Today we’re dead lifting.  It’s a disheartening name for a lift once referred to as the “Health Lift”.  The new moniker arose in response to the change in competitive standards requiring that the bar be pulled from a dead-stop instead of using the momentum of rolling the bar.  Some people live in fear of the dead lift but whether or not you train it, you cannot avoid it.  Take out the garbage, carry your groceries, pick up a baby, every time you lift something off the ground, you are performing a dead lift.

As such, the dead lift is unrivaled in functional utility and only the back squat rivals the dead lift when it comes to producing full body, functional strength.  And strength is a critical physical skill.  Many mistakenly associate CrossFit with sweaty, boot camp-style cardio training circuits with some weights thrown in.  But CrossFit is a strength AND conditioning program.  And strength cannot be adequately developed in a conditioning workout.

Not everyone loves strength but it is one of the 10 general physical skills and is the most fundamental in that without it, nothing else is possible.  Without strength you cannot stand, walk or run.  You may take these skills for granted today but older adults lose skeletal muscle at an alarming rate and it is loss of strength that most commonly leads to falls in seniors and a loss of independent living.  Lean muscle mass is associated with a decrease in all cause mortality meaning the more muscle you have, the less likely you are to die of chronic disease, falls, trauma, infections, or violence.

A basic truth of fitness is that the thing you dislike most is exactly where you are most lacking and ergo, the best way to improve your fitness is to shore up your weaknesses.  For me, that means more conditioning work.  But for many of you, it means more strength work.  You may like cookies and cake better than kale and cabbage but unfortunately, eating what you like won’t necessarily make you healthier.  Same holds true for training.  CrossFit works exactly because it has no regard for what you like but instead delivers what you need.  And some days you need dead lifts.

Fun fact: Did you know that increasing your top-end strength increases your performance potential in conditioning and endurance events?  The opposite is not true.  Check out this short article if you want to better understand why this is.  Want to understand this better?  Dr. Andy Galpin discusses optimum loading for power.  As you’ll learn power is a function of force and velocity.  Your ability to produce force (strength) is a critical component of power production.  And your ability to produce power is also associated with better health and longevity.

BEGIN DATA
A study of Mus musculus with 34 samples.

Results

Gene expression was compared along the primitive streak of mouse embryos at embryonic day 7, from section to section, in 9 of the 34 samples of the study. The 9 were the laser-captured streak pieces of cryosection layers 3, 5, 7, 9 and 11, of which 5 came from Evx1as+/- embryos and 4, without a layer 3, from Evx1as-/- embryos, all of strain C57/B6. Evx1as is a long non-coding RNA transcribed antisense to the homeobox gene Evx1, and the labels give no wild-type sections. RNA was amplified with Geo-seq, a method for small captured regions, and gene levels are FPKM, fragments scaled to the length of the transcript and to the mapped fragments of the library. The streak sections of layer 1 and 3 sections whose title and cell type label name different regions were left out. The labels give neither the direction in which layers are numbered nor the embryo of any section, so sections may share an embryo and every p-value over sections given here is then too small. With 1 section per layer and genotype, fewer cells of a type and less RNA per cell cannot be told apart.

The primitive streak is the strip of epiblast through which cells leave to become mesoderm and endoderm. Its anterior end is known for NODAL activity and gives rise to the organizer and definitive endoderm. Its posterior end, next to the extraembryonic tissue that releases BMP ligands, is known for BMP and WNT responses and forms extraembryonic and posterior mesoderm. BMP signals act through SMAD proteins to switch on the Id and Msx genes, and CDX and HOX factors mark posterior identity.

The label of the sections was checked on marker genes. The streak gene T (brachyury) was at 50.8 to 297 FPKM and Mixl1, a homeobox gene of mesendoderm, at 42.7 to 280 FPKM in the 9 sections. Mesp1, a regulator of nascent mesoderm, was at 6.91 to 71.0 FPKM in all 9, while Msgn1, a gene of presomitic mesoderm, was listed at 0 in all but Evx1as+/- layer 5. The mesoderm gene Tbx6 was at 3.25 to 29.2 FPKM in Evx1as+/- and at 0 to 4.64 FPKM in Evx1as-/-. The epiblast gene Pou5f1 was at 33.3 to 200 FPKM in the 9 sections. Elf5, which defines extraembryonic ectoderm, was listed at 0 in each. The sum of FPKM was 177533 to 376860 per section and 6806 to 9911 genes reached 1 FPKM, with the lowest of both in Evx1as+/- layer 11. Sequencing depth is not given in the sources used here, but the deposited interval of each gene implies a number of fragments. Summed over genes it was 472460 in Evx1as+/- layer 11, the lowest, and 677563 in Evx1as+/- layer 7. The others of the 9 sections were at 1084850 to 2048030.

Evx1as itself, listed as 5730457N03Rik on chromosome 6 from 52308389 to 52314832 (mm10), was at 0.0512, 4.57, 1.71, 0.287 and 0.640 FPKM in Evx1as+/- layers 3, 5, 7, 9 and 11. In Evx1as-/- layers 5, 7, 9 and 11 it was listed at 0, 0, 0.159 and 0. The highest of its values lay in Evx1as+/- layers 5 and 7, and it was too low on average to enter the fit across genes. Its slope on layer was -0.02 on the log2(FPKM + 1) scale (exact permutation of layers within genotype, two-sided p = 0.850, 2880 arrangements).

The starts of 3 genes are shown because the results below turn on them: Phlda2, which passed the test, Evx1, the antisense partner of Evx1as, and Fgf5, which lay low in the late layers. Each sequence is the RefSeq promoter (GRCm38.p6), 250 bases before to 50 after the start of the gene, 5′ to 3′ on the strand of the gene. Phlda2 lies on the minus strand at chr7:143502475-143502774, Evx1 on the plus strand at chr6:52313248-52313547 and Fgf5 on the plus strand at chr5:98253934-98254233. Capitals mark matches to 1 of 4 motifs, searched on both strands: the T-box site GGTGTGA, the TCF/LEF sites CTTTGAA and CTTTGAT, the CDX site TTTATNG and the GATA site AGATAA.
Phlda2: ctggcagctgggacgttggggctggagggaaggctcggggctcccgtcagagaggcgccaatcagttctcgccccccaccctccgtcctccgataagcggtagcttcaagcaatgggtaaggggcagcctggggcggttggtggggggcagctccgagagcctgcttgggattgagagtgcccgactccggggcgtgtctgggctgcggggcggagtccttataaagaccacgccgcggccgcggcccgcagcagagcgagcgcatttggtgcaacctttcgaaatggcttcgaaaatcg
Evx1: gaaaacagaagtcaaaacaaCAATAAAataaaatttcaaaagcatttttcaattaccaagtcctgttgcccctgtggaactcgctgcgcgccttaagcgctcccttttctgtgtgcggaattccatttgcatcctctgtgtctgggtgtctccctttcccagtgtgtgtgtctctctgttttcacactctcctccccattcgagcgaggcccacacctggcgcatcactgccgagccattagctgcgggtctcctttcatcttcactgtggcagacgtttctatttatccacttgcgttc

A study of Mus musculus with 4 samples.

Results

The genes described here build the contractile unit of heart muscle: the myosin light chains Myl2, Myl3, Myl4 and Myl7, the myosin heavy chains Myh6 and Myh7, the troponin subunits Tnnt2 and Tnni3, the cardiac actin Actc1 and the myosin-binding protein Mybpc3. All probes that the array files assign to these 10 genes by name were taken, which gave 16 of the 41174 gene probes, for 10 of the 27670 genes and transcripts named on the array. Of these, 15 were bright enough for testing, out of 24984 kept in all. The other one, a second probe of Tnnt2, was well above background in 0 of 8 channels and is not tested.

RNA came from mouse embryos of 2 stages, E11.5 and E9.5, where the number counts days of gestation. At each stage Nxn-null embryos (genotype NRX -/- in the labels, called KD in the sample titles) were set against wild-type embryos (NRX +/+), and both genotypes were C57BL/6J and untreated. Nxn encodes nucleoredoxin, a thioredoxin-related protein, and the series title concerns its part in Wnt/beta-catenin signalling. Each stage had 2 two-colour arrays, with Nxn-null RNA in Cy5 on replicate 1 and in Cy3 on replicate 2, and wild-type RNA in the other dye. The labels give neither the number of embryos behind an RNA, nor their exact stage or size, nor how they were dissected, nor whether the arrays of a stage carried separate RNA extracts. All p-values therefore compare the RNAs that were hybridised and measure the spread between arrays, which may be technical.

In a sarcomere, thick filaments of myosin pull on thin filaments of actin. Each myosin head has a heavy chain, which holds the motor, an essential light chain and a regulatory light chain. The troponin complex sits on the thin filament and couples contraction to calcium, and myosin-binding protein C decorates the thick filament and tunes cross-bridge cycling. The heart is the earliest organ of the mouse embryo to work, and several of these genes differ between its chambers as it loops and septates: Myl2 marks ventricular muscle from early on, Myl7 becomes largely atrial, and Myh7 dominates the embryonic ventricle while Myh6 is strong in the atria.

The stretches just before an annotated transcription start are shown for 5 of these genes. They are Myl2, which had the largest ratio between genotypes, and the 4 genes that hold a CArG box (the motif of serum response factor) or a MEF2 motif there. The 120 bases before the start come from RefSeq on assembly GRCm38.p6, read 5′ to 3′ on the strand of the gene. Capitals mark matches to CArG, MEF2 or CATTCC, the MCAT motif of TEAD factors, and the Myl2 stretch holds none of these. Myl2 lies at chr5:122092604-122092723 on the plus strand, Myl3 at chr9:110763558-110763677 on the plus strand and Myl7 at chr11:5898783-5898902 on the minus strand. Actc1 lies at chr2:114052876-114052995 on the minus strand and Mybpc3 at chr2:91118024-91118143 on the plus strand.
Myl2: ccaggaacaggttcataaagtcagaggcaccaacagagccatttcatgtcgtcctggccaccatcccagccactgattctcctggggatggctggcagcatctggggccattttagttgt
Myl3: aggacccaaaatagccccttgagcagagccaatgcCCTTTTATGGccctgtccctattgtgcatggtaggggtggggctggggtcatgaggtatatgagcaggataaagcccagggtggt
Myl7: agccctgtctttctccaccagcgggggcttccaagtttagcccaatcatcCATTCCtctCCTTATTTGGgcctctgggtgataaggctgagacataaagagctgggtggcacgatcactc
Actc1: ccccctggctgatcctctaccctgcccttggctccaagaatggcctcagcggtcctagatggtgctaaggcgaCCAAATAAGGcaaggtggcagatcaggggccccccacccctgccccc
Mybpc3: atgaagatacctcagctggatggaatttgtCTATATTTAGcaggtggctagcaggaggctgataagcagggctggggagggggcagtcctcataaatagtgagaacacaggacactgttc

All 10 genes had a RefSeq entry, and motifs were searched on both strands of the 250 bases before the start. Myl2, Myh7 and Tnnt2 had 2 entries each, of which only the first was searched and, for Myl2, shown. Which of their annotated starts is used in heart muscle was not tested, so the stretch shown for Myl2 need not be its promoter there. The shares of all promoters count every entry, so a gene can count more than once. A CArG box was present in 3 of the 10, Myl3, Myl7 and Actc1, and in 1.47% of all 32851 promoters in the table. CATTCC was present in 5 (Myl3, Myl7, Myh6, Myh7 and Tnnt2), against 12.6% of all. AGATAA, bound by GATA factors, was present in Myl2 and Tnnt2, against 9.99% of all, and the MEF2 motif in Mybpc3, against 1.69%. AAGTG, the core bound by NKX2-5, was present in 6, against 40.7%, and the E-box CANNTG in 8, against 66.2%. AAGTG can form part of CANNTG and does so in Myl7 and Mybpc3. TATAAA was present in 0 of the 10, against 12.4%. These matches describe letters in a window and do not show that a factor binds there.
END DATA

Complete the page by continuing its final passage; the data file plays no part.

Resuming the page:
In today’s group classes we discussed the why of training using percentages.  The short answer is that lifts below 80% of your 1 rep max are performed using a greater number of motor units as they increase in difficulty.  Once you reach around 80% of your max effort, all available motor units are already in play and additional reps or load require increased firing rate and it is this change in firing rate that elicits strength adaptations.  Here’s a good article to read if you want to better understand why training at relative intensity with sets near failure is the only way to get stronger.  Avoiding difficulty is avoiding strength adaptations.

Productive sequencing of workouts should follow this priority:  Speed, power, strength, hypertrophy, conditioning.  This is not to say that every workout needs to include all these elements.  In fact, following strength training with a conditioning workout will blunt the effects of both.  They are better trained on separate days or, if you must train them both in a day, separate them by the greatest possible time (I do my strength and conditioning WODs 12 hours apart).   But when your training includes two or more elements in a single training session, violating the sequencing above will result in diminished efficacy and increased injury risk.

That’s a lot of science for one blog post but these are the sorts of things a coach spends an inordinate amount of time researching between classes.